October Brings Women’s Health Awareness

October is the time for cooler temperatures and warmer beverages. While some parts of the country equate October with red, orange, yellow, and brown as the leaves change, the entire country equates October with the color pink. That’s right: October is Breast Cancer Awareness Month. This highly recognizable annual campaign is designed to increase cancer awareness and remind people of all the different ways they can help promote women’s health. The campaign continues to gain momentum, and we will all undoubtedly see our social media feeds and local businesses sporting pink ribbons. The ultimate mission, though, is to provide education and support services and advocate early detection.


Women’s Health Encompasses More Than Breast Exams

Breast cancer may be one of the more visible women’s health issues, but women’s health is much more than just breast exams. Women should be getting annual screenings for more than just potential cancers. Yearly check-ups with your primary care physician and OB-GYN are just as important to women’s health as regular cancer screenings. Simply going to the doctor isn’t enough, though. When your physician asks if you have any unexplained discomfort or general concerns, it’s important to have answers ready. Vaginal and/or pelvic pain is not normal, so it shouldn’t be ignored. To normalize new or chronic pain means you’re not prioritizing your own health. Sure, it can be hard to talk about your vagina or pain down there. But they’re doctors—and your job is to tell them where and when it hurts.


Pelvic Pain & Vaginal Discomfort

Vaginal pain is not reserved for one specific kind of woman. Just like women, women’s health issues come in many varieties. For example, some suffer from dyspareunia, which is pain during sexual intercourse that is caused by a range of physical or psychological factors. That’s pretty broad. Then there’s vaginismus in which the pelvic floor muscles tighten involuntarily. Vulvodynia is an even more ambiguous but very real chronic condition that causes significant pain and discomfort. Women who’ve experienced trauma to the pelvis, either from sexual violence or childbirth can experience chronic pain, as can postmenopausal women whose natural hormone deficiencies create a less-than-ideal environment for pleasurable sex. Pelvic pain sometimes doesn’t have anything to do with sex. It can also be caused by chronic constipation or excessive exercise.

Vaginal or pelvic pain can also be an unfortunate side effect of successful cancer treatment. The high amount of energy it takes to destroy cancer cells with radiotherapy damages healthy cells in addition to the unhealthy ones. When the body tries to heal, inflammation to tissue and blood vessels commonly occurs, which creates internal scarring to otherwise healthy organs. If the ovaries are affected by such fibrosis, it affects their ability to dose out estrogen. Low estrogen means dry, painful sex. Postmenopausal women experience similar discomfort, as their bodies naturally decrease estrogen production. The vagina starts to become less elastic, thinner, and dryer. This type of atrophy can be exacerbated by the brain’s newfound aversion to sexual contact, which perpetuates a cycle of anxiety.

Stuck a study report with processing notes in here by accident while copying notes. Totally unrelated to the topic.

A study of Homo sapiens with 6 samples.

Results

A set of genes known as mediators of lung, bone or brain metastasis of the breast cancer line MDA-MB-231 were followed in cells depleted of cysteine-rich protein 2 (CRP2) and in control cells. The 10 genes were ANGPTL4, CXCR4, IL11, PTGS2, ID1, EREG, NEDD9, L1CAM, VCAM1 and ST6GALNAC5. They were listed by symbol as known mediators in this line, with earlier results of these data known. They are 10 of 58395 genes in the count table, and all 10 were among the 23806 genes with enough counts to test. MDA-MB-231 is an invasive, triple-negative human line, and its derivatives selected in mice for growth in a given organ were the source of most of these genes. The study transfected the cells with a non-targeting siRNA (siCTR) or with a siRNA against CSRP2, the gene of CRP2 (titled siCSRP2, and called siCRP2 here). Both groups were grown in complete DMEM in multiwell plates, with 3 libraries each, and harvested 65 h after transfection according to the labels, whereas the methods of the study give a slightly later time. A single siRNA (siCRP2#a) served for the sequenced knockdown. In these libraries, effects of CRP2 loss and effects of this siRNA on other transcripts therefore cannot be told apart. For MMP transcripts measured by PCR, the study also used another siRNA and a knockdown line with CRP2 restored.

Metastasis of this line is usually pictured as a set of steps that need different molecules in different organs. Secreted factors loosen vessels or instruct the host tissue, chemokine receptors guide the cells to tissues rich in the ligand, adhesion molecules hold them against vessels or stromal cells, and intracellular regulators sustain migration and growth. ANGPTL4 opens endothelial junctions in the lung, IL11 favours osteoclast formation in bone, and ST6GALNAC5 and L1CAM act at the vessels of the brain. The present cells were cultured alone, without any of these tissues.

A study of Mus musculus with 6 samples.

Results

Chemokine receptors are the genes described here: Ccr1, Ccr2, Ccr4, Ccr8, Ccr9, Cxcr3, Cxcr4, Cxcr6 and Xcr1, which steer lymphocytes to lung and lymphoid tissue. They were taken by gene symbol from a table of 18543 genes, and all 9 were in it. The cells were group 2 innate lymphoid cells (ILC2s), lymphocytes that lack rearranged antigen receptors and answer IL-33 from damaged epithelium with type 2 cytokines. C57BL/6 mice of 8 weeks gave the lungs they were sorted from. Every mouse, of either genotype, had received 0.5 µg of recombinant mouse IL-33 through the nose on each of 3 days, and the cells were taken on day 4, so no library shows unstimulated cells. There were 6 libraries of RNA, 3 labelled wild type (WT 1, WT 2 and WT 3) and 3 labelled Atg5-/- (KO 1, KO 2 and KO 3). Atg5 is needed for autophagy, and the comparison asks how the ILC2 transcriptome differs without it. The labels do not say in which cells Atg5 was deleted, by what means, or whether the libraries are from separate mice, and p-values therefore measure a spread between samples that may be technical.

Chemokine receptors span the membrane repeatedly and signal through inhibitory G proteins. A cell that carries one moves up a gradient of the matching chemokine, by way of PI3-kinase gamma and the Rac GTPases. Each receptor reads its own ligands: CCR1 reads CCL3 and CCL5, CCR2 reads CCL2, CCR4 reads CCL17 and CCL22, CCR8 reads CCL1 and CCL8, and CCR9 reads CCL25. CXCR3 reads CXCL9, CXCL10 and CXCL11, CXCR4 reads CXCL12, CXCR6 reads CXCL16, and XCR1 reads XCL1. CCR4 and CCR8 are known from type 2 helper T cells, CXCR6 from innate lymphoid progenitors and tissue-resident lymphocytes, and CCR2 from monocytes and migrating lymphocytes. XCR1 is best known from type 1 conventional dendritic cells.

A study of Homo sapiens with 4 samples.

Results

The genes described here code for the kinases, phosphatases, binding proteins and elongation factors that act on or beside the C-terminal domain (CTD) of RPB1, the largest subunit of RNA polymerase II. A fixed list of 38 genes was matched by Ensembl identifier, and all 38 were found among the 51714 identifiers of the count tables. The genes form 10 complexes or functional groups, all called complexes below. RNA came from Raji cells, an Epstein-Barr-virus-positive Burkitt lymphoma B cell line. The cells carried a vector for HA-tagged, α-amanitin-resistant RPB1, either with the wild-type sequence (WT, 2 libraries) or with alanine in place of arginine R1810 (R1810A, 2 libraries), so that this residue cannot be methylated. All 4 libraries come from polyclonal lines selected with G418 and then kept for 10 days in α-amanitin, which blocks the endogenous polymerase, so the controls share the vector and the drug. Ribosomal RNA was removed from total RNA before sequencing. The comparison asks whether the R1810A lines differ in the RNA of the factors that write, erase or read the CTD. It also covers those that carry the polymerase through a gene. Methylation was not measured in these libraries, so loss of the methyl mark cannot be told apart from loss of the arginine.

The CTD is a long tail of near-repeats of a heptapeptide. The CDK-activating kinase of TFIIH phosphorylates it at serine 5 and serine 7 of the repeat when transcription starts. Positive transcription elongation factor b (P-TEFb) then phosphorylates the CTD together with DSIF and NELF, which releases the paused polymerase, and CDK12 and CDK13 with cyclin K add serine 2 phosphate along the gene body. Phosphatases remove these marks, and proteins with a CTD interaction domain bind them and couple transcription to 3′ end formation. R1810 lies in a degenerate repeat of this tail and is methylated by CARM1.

Physicians Recommend Vaginal Dilators

Upon clueing in your doctor on your issues, they will likely want to investigate further. It’s very possible you’ll be pointed in the direction of vaginal dilator therapy. Vaginal dilators are plastic or silicone cylinders that resemble tampons. They come in a variety of sizes and serve to stretch the vaginal tissues and pelvic floor muscles. The therapy is performed over a period of time and is sometimes deemed most effective in a clinical setting. At-home use is also often prescribed, but usually after some initial progress is made. Sometimes it’s not just the physical part that offers therapeutic pain relief; it’s also the parasympathetic nervous system that needs to learn how to trust sexual contact again. With regular use, dilators actually help the brain realize that there is nothing to fear. Insertion does not have to equal pain, and as you increase the size of the dilator without pain, you’ll soon find yourself feeling like your old self again.

Women’s health deserves more than just a seat in the back. Let this month be a reminder to ask your doctor about any new or unusual vaginal or pelvic pain. Otherwise you could continue to miss out on precious time to enjoy some of the simple things in life like sitting comfortably and having pleasurable sex. While vaginal dilators may be the answer to your women’s health concerns, it’s always best to consult your doctor before attempting any treatment.